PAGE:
In November 2021, Calvin Ridley, a wide receiver for the Atlanta Falcons, placed several multi-legs parlay bets on his team through the Hard Rock Casino app, totaling $1,500.
The gamble could end up costing him $11 million.
A few days later, Ridley, who was on a non-football related illness list, tried to place another bet and his activity was flagged by Hard Rock and Genius Sports, the U.K.-based tech platform that provides play-by-play statistics and data to sports betting and media companies for the NFL, NBA, NCAA, FIFA, EPL, and dozens of other leagues.
Genius’ integrity services arm, which monitors betting markets across hundreds of thousands of sporting events, alerted the NFL that one of their players broke the league’s cardinal rule: do not bet on football. And last week, NFL commissioner Roger Goodell suspended Ridley for at least the 2022 season, meaning he will forfeit his multimillion-dollar salary.
“The process worked,” says Brian McCarthy, a spokesman for the NFL, explaining that guarding against gambling by players and team personnel is one of the reasons the league contracted with Genius Sports in April 2021. “Integrity of the game is crucial to the health of the NFL.”
Genius Sports, which was founded 20 years ago by entrepreneur Mark Locke and went public on the New York Stock Exchange last year through a special purpose acquisition company deal, puts all 16,000 players, coaches and NFL staff through educational seminars and tutorials about the league’s gambling rules. Players are allowed gamble but not on football; staff members cannot place a wager on any sport. During every game, Genius monitors betting activity to look out for anomalies.
Simon Martyn, the director of integrity at Genius Sports, says that even though his division is not a major revenue-driver for the company—that’s the data and statistics division—it is a foundational service that prevents entire sports leagues from crumbling.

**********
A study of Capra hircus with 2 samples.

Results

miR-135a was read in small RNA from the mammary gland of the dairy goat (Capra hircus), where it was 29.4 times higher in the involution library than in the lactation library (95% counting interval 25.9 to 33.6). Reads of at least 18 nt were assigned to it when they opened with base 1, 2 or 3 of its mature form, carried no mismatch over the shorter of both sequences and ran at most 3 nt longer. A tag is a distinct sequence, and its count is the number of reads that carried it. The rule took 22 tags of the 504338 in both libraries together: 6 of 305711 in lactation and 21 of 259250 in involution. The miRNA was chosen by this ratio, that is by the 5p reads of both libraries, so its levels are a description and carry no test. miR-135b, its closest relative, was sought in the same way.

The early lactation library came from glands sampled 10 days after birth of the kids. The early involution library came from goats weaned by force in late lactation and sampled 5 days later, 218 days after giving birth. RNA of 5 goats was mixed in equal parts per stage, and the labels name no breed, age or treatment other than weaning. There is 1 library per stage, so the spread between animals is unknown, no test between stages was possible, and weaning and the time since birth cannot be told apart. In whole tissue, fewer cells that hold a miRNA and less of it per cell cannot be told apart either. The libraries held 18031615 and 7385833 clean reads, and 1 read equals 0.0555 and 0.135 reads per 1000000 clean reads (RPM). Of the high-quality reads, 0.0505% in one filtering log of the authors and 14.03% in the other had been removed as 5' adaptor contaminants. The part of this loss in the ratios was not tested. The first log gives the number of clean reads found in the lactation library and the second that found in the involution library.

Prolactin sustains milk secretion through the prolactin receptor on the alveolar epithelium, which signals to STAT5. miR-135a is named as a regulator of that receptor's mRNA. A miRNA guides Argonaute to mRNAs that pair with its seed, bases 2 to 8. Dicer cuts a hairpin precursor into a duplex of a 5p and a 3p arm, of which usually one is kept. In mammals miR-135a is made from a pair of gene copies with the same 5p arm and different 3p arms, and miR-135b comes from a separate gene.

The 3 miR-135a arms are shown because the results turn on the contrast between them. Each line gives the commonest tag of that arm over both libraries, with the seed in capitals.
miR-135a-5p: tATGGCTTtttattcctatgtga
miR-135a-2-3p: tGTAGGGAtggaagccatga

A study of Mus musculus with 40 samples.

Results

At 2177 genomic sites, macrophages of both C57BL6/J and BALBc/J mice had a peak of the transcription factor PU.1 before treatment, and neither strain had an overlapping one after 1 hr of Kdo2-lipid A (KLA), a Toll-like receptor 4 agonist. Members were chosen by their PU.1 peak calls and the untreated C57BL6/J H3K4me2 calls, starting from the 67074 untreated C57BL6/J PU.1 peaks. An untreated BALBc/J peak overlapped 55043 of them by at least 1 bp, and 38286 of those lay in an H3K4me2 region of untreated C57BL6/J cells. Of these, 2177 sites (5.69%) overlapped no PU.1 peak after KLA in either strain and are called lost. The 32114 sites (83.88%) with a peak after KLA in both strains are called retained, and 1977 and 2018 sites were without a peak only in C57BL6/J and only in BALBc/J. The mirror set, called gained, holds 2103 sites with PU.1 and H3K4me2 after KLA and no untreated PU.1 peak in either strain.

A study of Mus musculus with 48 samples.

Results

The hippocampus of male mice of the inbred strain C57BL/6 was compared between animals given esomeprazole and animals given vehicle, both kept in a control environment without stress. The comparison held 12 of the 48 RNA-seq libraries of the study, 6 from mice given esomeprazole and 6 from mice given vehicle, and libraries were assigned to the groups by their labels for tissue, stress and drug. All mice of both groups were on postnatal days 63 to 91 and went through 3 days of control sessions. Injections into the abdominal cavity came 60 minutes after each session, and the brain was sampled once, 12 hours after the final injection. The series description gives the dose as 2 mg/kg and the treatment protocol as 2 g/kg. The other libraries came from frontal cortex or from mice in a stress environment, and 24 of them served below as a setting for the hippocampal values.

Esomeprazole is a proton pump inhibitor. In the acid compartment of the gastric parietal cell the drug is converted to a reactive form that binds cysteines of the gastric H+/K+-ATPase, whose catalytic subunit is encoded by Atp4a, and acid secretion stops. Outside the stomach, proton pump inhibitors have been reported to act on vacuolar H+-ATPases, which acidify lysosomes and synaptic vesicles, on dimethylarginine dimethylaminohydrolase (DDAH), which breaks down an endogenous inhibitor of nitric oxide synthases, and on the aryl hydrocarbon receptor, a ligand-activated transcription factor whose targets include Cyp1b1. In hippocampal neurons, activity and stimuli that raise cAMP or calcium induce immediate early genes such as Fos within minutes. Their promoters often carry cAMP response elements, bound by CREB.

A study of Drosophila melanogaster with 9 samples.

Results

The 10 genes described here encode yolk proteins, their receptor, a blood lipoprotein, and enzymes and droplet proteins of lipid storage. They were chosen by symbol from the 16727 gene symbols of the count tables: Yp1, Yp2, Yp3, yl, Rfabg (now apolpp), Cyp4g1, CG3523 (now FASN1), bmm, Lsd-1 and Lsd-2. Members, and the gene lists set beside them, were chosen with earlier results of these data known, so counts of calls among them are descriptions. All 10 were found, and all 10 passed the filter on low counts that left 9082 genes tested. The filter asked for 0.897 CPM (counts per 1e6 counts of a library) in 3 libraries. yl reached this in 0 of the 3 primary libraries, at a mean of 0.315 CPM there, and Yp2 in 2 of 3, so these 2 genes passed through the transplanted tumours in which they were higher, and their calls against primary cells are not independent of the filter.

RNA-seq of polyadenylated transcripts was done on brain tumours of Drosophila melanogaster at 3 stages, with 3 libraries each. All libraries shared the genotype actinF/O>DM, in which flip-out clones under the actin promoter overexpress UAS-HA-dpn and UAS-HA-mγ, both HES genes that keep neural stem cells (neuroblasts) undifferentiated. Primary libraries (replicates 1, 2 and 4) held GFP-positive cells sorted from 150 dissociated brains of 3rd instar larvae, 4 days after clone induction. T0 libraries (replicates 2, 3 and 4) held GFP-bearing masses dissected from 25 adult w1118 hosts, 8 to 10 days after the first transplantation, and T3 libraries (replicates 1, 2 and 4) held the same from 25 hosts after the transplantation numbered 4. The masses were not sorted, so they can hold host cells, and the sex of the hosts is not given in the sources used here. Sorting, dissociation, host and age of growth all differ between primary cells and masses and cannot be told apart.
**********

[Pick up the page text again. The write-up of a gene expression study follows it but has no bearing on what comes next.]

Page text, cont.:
“The reason we all love sport, at the end of the day, is the unpredictable nature, isn’t it?” says Martyn. “We trust the sport, we turn up knowing that any result can happen. So it’s important that we have measures in place, which protect that because without it, you’re going to undermine everything. We’re talking about a threat to the whole commercial ecosystem. It’s in the interest of everyone to have a clean sport that has the proper integrity measures in place.”
The cornerstone of Genius Sports’ integrity division is its bet monitoring system. Genius has a predictive algorithm that suggests what a particular wagering market should look like and what the odds should be based on what’s going on before and during a particular event. The company’s database includes key historical records on teams, players, and competitions, which also inform the algorithm. “We look for suspicious odds movements,” says Martyn, “by monitoring both regulated and unregulated bookmakers.”
If the system catches any deviation from the predicted outcome, the company will flag it and investigate. The company then forwards any suspicious activity to sportsbooks and leagues that cannot be easily explained.
Athletes are subject to a different standard of monitoring by Genius, leagues and sportsbooks. “There is a level of information sharing where appropriate and required,” says Martyn. “It’s in the interest of everyone to have a clean sport that has the proper integrity measures in place.”
One of the most high-profile scandals Genius Sports helped to uncover was a fixed FIFA soccer match. On November 12, 2016, Joseph Lamptey, a Ghanaian soccer referee, awarded a penalty kick to South Africa during a match against Senegal during a qualifier for the 2018 World Cup. The penalty, for a handball, was a sham—the ball clearly hit Senegal defender Kalidou Koulibaly on his leg. South Africa won 2-1. A couple days later, Sportradar, Global Lottery Monitoring System, Starlizard Sports Betting Consultancy and Genius Sports all filed reports that the sports betting market for that game showed “irregular” movements and showed evidence that gamblers knew what the score would be ahead of time. FIFA’s judicial body banned Lamptey for life and the Court of Arbitration for Sport found him guilty of “unlawfully influencing match results” to “make pertinent bets successful.”
The 1,500-employee company is large in size, but not in financials. Genius Sports has a $922 million market cap and it increased its revenues by 75% in 2021, hitting $263 million, over 2020. But it reported a $592 million net loss last year and a dramatic 90% drop in EBITA from 2020 to a meager $1.6 million.
As for future Calvin Ridleys, Genius Sports would not reveal the number of suspicious activity reports it sends to the professional leagues. When asked if these types of incidents are getting worse as sports gambling is now legal in 30 states across the U.S., Martyn says legalization has helped with transparency and information sharing. “I wouldn’t characterize it as an issue that we’re constantly rooting out,” he says. “It’s something that we are working with everyone in the industry to put in place the best practices that protect the integrity of their sport.”